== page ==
Weekend Magazine: It appears you’ve left mainstream Nollywood, only appearing in certain types of movies or television shows. Is it a conscious decision on your…

Weekend Magazine: It appears you’ve left mainstream Nollywood, only appearing in certain types of movies or television shows. Is it a conscious decision on your part?
Bimbo Akintola: I’ve been in the movie industry for a while. In the beginning, when you’re a newcomer who wants to make a name and want people to know who you are and the directors to see your work, you do anything that comes your way. I have passed that point. Right now, I believe that anything that I’m doing should mean or say something. At the end of the day, we’re not just entertainers but we also educate and inform.  
I believe in this profession. I’m passionate about acting. I went to school for six years because I believed in it. This was all I wanted to do at the end of the day. It’s where I think I belong. That’s what has kept me here.
WM: What attracts you to a movie script?
Akintola: What it’s about. The theme, the information it’s giving out and so on.
WM: What genre do you feel more comfortable working within?
Akintola: I believe as an actor, any of the genres should be what you can do. It should have nothing to do with comfort. I’m good with comedy, drama, thriller, action, whatever, as long as the story is compelling and has meaning.
WM: What part of your life do you miss now that you’re famous?
Akintola: My privacy. Then there’s the way everyone thinks because they see actors on TV and we’re called celebrities, that we’re responsible for everything that happens in the society. People tend to blame us for a lot of things. On a personal level, I find that ridiculous. For example, in campaigns going on now, certain actors are endorsing politicians and people are saying it’s all of Nollywood that’s doing it, making comments like ‘Oh, you people are collecting money’. What I’m trying to say is it’s now like a collective thing: If one Nollywood actor does something wrong, we’re all blamed.
WM: What price have you had to pay for being a celeb?
Akintola: Again, privacy. You can’t go anywhere without being recognized and people expect to see you a certain way, all dressed up and looking like a star. I also miss comfort, as I’m one of those people with the idea that fashion is wearing tights, a T-shirt and comfortable slippers. All that glamour and make-up are some of the things we do just to make fans happy.
WM: You’ve been described as the Meryl Streep of Nigerian movies. What’s your technique to approaching a role?
Akintola: The first thing to do is to give the character background. No person on earth is without a background. When you do that, you’re giving him or her life. How educated is the character? What are some of the things that have happened along the way to the person? The script would also give you clues to this. If the person speaks a certain way, you can tell how educated he is, as their opinions also tell how exposed they are.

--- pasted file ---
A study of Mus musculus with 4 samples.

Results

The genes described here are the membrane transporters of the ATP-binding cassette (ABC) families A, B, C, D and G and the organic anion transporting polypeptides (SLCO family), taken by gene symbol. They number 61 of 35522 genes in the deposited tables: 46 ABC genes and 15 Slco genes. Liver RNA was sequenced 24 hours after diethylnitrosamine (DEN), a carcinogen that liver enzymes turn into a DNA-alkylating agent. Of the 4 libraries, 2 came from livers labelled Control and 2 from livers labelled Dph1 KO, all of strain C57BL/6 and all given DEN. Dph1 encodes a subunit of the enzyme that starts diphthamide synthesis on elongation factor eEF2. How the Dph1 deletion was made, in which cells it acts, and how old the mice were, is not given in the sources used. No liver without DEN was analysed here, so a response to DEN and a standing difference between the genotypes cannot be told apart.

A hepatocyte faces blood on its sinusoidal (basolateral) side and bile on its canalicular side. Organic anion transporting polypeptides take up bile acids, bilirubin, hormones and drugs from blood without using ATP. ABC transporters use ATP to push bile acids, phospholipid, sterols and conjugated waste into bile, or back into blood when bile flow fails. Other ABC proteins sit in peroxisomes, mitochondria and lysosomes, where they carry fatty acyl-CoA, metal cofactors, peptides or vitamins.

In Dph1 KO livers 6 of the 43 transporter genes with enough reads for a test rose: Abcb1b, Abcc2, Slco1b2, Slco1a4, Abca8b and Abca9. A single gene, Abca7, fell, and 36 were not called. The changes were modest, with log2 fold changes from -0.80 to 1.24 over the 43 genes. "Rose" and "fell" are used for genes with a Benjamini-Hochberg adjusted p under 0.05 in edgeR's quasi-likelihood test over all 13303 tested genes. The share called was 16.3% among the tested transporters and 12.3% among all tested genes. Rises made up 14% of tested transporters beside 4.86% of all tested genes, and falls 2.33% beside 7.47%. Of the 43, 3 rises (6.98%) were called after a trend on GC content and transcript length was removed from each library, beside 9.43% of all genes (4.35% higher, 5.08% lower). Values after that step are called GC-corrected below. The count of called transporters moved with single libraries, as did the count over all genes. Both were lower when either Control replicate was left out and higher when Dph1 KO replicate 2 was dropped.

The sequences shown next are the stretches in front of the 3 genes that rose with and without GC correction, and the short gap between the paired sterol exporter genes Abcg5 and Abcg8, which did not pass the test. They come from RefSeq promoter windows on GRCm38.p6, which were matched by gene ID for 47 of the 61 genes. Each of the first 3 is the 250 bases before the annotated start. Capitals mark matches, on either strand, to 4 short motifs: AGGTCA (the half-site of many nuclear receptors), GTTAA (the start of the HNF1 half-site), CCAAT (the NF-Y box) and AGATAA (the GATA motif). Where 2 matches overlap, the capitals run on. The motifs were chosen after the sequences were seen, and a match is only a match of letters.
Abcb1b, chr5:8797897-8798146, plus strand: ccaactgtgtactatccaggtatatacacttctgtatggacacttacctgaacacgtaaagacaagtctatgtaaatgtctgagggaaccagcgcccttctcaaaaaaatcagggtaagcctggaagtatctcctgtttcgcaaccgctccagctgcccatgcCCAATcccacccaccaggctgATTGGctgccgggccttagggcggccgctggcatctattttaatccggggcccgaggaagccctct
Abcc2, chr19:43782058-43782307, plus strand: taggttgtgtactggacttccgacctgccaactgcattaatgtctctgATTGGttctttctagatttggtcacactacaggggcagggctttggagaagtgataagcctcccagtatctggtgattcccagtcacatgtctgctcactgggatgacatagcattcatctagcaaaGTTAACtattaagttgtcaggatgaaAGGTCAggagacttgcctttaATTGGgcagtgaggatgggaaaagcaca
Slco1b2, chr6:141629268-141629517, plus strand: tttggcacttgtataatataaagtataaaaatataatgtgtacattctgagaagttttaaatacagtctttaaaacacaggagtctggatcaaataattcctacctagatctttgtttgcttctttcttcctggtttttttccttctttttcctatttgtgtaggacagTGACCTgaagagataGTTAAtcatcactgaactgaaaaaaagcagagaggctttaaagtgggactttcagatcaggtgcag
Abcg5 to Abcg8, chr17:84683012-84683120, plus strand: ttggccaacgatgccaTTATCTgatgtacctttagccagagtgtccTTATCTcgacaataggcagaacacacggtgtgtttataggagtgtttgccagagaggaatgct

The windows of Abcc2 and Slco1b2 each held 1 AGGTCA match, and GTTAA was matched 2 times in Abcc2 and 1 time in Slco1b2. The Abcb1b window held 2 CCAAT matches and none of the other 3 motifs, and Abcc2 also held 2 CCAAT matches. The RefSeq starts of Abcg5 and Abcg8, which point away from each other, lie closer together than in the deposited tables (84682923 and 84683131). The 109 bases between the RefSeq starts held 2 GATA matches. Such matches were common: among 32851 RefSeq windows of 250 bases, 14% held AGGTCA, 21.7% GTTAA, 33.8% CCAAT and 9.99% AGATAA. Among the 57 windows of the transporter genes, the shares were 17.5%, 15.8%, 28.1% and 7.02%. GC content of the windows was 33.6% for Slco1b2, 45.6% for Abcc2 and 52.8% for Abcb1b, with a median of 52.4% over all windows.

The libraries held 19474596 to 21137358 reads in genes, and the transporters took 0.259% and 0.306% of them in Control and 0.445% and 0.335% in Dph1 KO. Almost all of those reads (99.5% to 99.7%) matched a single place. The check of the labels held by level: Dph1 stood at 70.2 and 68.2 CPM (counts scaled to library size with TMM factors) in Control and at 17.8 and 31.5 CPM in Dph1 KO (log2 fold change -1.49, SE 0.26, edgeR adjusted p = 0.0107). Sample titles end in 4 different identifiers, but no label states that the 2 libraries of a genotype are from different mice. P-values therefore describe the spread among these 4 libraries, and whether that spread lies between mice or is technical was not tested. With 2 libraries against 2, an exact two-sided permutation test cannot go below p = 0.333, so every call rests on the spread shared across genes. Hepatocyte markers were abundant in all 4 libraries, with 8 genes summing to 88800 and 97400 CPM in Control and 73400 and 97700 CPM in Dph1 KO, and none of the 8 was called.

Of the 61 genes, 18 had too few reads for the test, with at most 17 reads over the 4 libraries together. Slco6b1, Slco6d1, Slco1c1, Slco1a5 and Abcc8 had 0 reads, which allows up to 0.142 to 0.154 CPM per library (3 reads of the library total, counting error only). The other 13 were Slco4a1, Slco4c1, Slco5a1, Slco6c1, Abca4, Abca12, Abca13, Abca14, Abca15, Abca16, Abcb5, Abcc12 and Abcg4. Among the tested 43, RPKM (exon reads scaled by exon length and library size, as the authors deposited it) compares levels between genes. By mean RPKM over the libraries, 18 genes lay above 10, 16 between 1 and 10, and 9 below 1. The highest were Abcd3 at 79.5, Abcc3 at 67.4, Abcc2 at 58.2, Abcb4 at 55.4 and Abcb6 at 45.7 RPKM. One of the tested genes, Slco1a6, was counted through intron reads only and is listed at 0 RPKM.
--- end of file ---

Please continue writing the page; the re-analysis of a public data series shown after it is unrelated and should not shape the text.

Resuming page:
WM: If you weren’t an actress, what would you have been?
Akintola: A director.
WM: Who are your favourite directors?
Akintola: I’m still very old school, so I’d say Jimmy Odumosu, Kunle Afolayan and Tade Ogidan. I’ve been fortunate to have worked with my favourites.
WM: But DJ Tee and Darasen Richards, who directed ‘The Antique’ are basically ‘new school’. How was it working with them?
Akintola: Oh, they were great to work with, very professional. The movie’s visuals are stunning and the script is compelling. I also really appreciate what they did with the costumes, they were amazing. The locations, also, are quite eye-catching and well-realised. what can I say? It’s a great movie.
WM: As a major player, would you say the Nigerian movie industry has developed?
Akintola: We’re doing an amazing job, I think. We’re just over twenty years old but we’ve achieved a lot, we’ve gained international recognition and no-one can take that away from us. And it’s not just because of the quality of movies; it’s also about the fact that we’re able to do it on digital format, which for the rest of the world is basically ‘home video’. People complain about the quality of a lot of our films, but some are simply amazing.
WM: How easy – or difficult – has it been, as a woman at the top of her game in Nollywood?
Akintola: I don’t think gender has anything to do with it. In Nollywood, it’s your talent that matters. My journey has been easy, actually. The first job I did was with Lola Fani-Kayode and I was in school then. Someone told me she was auditioning and I went and I clinched it. From that, I got every other job I went for. Talent and hard work is all anyone needs, really.
WM: What’s the lowest pay you’ve ever received since you began to act?
Akintola: (Laughter) It was fifty thousand naira, way back when I was still in school in 1995, I think. I blew the whole cash in one go, partying with my friends. Looking back now, it sure was fun.    
WM: You’re known for being a fashion diva. What are you most comfortable wearing?
Akintola: Tights and a T-shirt.
WM: Even to go to the Oscars?
Akintola: If I have my way, yes (laughter).          
WM: What is the side to you that not everyone knows?
Akintola: I can be a homebody. I love to cook, write poetry and I love reading.